No Corporate Investment Means No Growth

Corporate profits, corporate cash piles and corporate share prices are record high. Yet corporate investment is at historic lows across US, Europe and Japan.



Recall from my post Tower Of Sand (HERE) that corporates have been borrowing a lot of cash and engaging heavily in share buybacks, buying shares from the open market and destroying them. The result is an increase in share price, and earnings-per-share (as there are less shares in circulation). No increase in revenue or profits but a payout to the stock investor. Shares rise, investors are rewarded and thus inclined to buy more, and that has played a key part in 2 years of over 80% multiple expansion versus less than 20% earnings growth. Buybacks escalated into the end of 2013, to a level last seen in 2007. Note that buybacks peaked just after the stock market in 2007.


Investment was high and investor-payout low in the 1970s. A boom followed 1980-2000. Investment has been low and payouts high in the 2000s, so the future is bleak.


  1. Better for shareholders if companies do not invest some university theories say as most companies squander their resources. Better are buybacks and dividends =). I do not think it matters for share prices as companies that have good ideas and need to invest do not need cash but can finance themselves through issuing equity or taking up debt hence capital markets. In the old days you could not transfer funds very fast etc and cash was much more needed.

  2. Fascinating. A drag at least and perhaps bleak, but what about a ‘black swan’ upside? The hoarding concept is analogous to income disparity and mirrored demographically across the globe on the individual scale and most extreme in the states. Trying to express this simply: hmmm… Banerjee and Duflo wrote Poor Economics and I think provide brilliant insight into how the brain decides to deploy resources. An extension of behavioral economics perhaps. Anyway, it won’t happen immediately but can these new perspectives help us manage changing demographics by better managing labor, better understanding the consumer’s response (demand trap) to hoarding corporations (limiting supply) and ultimately provide the grist for the next leg up in investment? Which may not look anything like past periods of investment but more visibly seen as optimizing participation… Nice job John… getting closer to a top as you’ve observed…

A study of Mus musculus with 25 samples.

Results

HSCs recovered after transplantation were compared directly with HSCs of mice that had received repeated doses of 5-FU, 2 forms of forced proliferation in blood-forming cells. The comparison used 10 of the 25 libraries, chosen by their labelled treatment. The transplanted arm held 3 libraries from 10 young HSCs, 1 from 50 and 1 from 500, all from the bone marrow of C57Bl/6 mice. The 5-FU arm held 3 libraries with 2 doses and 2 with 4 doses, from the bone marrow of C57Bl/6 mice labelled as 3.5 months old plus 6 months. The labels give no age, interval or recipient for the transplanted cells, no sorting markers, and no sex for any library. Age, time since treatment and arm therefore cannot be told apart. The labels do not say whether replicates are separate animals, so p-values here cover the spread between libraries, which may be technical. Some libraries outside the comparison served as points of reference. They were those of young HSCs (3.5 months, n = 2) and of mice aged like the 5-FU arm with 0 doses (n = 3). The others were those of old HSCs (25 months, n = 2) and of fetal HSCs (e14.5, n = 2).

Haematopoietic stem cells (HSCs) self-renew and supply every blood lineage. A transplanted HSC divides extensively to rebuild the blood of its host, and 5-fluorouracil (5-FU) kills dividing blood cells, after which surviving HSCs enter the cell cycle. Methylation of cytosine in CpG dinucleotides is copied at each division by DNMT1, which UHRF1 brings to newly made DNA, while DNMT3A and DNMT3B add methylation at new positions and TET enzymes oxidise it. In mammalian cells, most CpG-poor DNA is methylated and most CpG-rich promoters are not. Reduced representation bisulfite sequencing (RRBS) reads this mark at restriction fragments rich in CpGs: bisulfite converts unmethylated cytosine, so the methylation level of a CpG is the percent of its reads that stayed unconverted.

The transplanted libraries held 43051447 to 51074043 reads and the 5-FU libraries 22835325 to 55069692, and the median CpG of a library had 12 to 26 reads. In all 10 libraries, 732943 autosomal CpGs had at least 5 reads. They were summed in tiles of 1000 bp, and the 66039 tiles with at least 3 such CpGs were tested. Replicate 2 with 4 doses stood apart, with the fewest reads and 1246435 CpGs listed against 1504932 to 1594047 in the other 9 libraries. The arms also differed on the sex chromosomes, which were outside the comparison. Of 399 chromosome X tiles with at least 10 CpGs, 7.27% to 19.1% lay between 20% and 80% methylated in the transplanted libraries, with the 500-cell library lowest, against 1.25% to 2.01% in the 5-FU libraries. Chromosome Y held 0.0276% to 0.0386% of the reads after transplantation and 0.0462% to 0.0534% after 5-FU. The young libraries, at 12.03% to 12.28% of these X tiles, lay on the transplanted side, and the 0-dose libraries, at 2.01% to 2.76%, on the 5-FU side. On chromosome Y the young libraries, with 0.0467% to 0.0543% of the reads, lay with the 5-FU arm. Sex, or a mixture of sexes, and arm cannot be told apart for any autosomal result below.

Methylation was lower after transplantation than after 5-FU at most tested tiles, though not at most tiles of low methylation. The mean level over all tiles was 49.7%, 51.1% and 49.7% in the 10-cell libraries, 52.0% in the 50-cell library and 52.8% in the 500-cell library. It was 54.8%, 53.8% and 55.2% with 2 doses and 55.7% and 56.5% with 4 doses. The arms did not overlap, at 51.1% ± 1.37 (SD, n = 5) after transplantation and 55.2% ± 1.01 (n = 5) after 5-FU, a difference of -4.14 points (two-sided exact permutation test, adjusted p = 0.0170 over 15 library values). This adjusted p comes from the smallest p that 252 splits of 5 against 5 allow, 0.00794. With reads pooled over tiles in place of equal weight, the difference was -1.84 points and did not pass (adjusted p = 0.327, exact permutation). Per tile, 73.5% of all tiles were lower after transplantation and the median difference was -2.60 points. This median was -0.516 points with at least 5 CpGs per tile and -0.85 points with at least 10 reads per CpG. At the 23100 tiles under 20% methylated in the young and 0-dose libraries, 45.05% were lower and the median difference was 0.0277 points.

3. Economically the future looks bleak to me with no looking at the numbers at all. Unless we have an industrial revolution like free energy (which is not so absurd; combining gravitation, magnetic fields and electricity, it should be quite easy to build something that consumes less energy that it creates, but I am not a physicist), unless we have a real economic reform : abolition of democracy (most idiotic system) abolition of this absurd level of taxation, abolition of state interference in everything (basically state treats people as imbeciles who should be guarded against themselves). There is a lot of possibilities which can occur. but if nothing happens, future looks bleak and people will become less and less able, as the governments discriminate against strong, healthy and independent individuals, while they rewards sick, unable, passive and criminal people, which means that those promoted will grow in number and those discriminated against will gradually disappear.

    1. Hi John, the big question – why is investment low? Can we agree that businesses exist to make a profit (i.e. a return on investment)? Then why do they decide to use excess capital to boost share price or return it to shareholders?

      The same thing is happening with governments. Which makes more sense, using borrowed money to provide a benefit or building infrastructure? What do you have in the end? A bridge, road, power plant or school that will serve a community of people for years and maybe attract new businesses to locate bringing jobs to the unemployed or ???

      Why does it make more sense to spend than invest now? I’m not saying it’s an either/or choice but, it does seem lopsided. No?

  4. “Investment was high and investor-payout low in the 1970s. A boom followed 1980-2000. Investment has been low and payouts high in the 2000s, so the future is bleak.”

    – Makes sense for a K-Fall versus a K-Spring / K-Summer.